By all indications, mobile traffic and m-commerce made impressive gains during the holiday season as a growing number of people turned their handsets into personal shopping assistants. New research from the Pew American & Internet Life Project further highlights that trend, showing that more than half (52%) of adult cell phone owners used their devices while in a store to get help with purchasing decisions.
Specifically, 38% used their phone to call a friend for advice while in a store, 24% looked up product reviews online in-store, and one-quarter checked pricing online to see if they could get a better deal elsewhere.
Furthermore, one in five “mobile price-matchers” made their most recent purchase from an online store rather than a physical location. More than one-third (37%) decided not to buy the product at all, 35% bought it at that store and 8% got it at another store.
That last finding should not do much to diminish retailers’ fears that shoppers are increasingly using their brick-and-mortar outlets as showrooms for subsequent purchases at an online or offline competitor.
Breaking down the demographics of in-store mobile use, the Pew study found that cell owners ages 18-49 are much more likely to use their phones for online product reviews than cell owners ages 50+. The youngest segment of adults -- 18- to-29-year-olds -- were the most active group, with 63% using their phones either to call a friend for purchase advice or to look up product reviews in-store.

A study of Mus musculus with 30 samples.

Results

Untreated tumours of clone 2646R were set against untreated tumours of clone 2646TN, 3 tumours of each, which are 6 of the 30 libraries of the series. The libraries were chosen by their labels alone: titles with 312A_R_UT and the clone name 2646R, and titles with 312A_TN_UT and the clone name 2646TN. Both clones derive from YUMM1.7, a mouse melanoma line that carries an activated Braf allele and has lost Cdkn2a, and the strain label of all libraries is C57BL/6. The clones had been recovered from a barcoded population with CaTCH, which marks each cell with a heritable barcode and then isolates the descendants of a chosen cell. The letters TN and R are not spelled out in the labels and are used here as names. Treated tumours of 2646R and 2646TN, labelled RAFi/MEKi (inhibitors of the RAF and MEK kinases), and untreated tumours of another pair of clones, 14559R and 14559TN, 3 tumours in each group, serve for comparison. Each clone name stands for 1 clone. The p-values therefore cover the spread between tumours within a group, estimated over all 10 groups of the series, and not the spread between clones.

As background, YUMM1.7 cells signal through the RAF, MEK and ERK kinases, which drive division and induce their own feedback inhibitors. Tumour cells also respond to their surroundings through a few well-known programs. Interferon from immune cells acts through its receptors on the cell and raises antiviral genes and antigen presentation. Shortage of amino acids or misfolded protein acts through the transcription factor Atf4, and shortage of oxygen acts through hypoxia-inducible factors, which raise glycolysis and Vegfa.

As with other kinds of mobile behavior, ethnic minorities outpace whites when it comes to in-store mobile use. More than half (53%) of nonwhites called a friend for advice or looked up product reviews via mobile while shopping compared to 45% of whites. The difference between the two groups was especially pronounced when it came to looking up reviews -- with a third of non-whites doing this versus 21% of whites.
Urban and suburban cell owners were about twice as likely as rural cell owners to have recently used their phone to look up online reviews of a product they found in a physical store.
Looking at real-time pricing checking, the Pew research again showed the 18-49 demo was most likely to compare prices via mobile. In contrast to getting advice and checking reviews -- where the sexes were about the same -- men were more likely to compare prices than women, at 31% to 20%. And ethnic minorities far outstripped their white counterparts in price-match, by 38% to 20%.
Those with at least some college education and urban and suburban dwellers were also much more likely to do in-store price checking. More affluent mobile users were also more likely to do so, but the difference was not significant between those making more or less than $50,000 a year, at 28% versus 25%.
The Pew study noted that checking reviews and pricing often go together. Of the 33% of cell owners who used their phone in-store to look up either product reviews or prices online, roughly half (representing 17% of all cell owners) used their phones to do both.
In a panel focused on mobile results from the holiday season at the Mobile Insider Summit last week, Dan Israel of SapientNitro explained that retailers are coping with the era of “radical transparency” in pricing brought about by smartphone-wielding shoppers. He said the Pew findings released today only underscored the challenge physical stores face from the rise of the mobile-savvy shopper.
“It demonstrates that an opportunity, as well as a sense of urgency, exists for retailers to engage customers before they arrive at a brick-and-mortar, and continue the conversation after the visit to a brick-and-mortar,” said Israel, who leads SapientNitro’s mobile practice. “What matters now is engagement and providing utilitarian services, not just value centered on price alone.”
The Pew study results were based on a telephone interviews with a nationally representative sample of 1,000 U.S. adults from Jan. 5-8. Of that group, 600 were reached by landline and 400 by mobile phone. The study has a margin of sampling error of plus or minus 3.9 percentage points.